Back to school time is always hectic.
There's stress over which classes kids are in, who their teachers are, how their social interactions go and, of course, making that daily lunch!
This year there is the added stress of teacher action. For weeks leading up to school starting most parents weren't sure if classes would begin. Yes, there was a press release posted on the school district's website explaining that the only expected impact would be teachers withdrawing services not related to actually teaching.
But until the kids were sitting at their desks most parents weren't convinced that school would start.
I accept that a teacher's role is to teach, but my long, informative, and passionate involvement with our schools here has proven to me beyond a reasonable doubt that teachers do much more than teach and all of it invites the education of our children.
And they care, they really do.
What messages do our kids get when teachers are there to joke with them and serve up cake at the back-to-school barbecues; when they spend their afternoons and evenings helping to coach cross country, or basketball; when they lead after school programs to improve academic learning?
To me the message is clear: teachers are part of our community and the majority is committed to what they do. It is not just about what happens in the classrooms.
Many are raising or have raised their own kids in the corridor.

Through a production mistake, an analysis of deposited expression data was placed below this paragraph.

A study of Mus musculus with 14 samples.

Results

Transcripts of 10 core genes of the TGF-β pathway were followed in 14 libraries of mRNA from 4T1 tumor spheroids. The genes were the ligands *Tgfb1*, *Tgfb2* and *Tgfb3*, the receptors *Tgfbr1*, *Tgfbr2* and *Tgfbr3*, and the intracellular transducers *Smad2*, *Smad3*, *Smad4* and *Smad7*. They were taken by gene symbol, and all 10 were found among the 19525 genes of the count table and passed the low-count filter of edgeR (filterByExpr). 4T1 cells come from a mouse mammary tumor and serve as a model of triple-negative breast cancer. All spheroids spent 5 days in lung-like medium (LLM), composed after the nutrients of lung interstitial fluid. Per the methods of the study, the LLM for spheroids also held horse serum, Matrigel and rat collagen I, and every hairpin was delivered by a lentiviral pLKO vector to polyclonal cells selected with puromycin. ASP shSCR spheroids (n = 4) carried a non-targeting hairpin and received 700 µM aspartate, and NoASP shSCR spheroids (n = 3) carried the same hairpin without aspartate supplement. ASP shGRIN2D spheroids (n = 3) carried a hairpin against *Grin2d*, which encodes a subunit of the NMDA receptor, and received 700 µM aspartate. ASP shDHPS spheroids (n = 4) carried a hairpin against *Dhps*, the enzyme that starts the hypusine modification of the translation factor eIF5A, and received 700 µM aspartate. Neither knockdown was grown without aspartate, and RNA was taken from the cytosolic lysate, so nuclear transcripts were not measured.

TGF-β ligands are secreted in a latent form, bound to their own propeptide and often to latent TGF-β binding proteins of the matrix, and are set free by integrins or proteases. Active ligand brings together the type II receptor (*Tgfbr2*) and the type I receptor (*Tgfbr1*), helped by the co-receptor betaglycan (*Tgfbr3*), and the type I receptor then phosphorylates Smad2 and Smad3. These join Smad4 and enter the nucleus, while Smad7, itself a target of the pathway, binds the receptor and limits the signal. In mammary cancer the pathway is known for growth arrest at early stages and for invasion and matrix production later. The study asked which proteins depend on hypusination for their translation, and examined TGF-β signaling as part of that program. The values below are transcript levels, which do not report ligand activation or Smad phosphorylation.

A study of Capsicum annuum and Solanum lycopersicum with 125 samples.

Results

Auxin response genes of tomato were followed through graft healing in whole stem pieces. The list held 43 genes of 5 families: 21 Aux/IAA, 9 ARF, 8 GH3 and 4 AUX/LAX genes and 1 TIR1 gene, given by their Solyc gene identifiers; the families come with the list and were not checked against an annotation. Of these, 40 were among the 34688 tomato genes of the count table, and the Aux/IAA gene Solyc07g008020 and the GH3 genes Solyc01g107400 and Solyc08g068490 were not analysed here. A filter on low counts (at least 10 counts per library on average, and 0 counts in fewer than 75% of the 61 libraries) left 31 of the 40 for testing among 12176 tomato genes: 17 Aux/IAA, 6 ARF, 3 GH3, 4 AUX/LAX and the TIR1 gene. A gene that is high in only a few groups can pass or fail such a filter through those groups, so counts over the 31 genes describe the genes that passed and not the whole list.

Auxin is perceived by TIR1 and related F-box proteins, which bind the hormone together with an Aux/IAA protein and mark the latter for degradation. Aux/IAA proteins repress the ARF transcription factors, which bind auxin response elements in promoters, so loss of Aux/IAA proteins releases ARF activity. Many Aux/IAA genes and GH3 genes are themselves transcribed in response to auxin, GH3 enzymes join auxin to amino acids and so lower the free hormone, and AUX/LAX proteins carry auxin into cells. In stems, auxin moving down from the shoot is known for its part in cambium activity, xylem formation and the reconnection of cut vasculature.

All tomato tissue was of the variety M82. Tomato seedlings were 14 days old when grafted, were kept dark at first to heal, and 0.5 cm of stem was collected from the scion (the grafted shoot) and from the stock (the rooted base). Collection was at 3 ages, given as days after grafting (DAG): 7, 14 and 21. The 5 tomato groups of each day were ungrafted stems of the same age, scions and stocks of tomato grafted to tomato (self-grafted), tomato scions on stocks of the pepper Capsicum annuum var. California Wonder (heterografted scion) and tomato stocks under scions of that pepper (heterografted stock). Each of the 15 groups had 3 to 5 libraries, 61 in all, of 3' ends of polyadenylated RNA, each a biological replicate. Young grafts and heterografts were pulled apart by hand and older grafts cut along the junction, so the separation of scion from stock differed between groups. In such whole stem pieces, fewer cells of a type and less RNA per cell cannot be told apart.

So then they must have been shaking their heads when they heard the edict from their union, the B.C. Teachers' Federation, that they were not to help fundraise for the local school-based annual Terry Fox Run.
Really? That is a public relation nightmare of a directive. Here we are celebrating the 30 th anniversary of one of Canada's greatest heroes and the message from the BCTF is teachers can't help, as they always do, collect the fundraising that kids do to help fight cancer through the run.
Along with this comes a notice home to Whistler high school parents that the back-to-school barbecue at that school was cancelled due to the job action.
Parent-teacher meetings are already on the shelf and parents face not getting report cards in November if job action continues, so to learn that the barbecue was off was really disappointing.
I'm left wondering if the statements made by BCTF representatives that education won't be affected by the job action will remain true. If parents can't find out how their kids are doing how can they deal with kids who are struggling.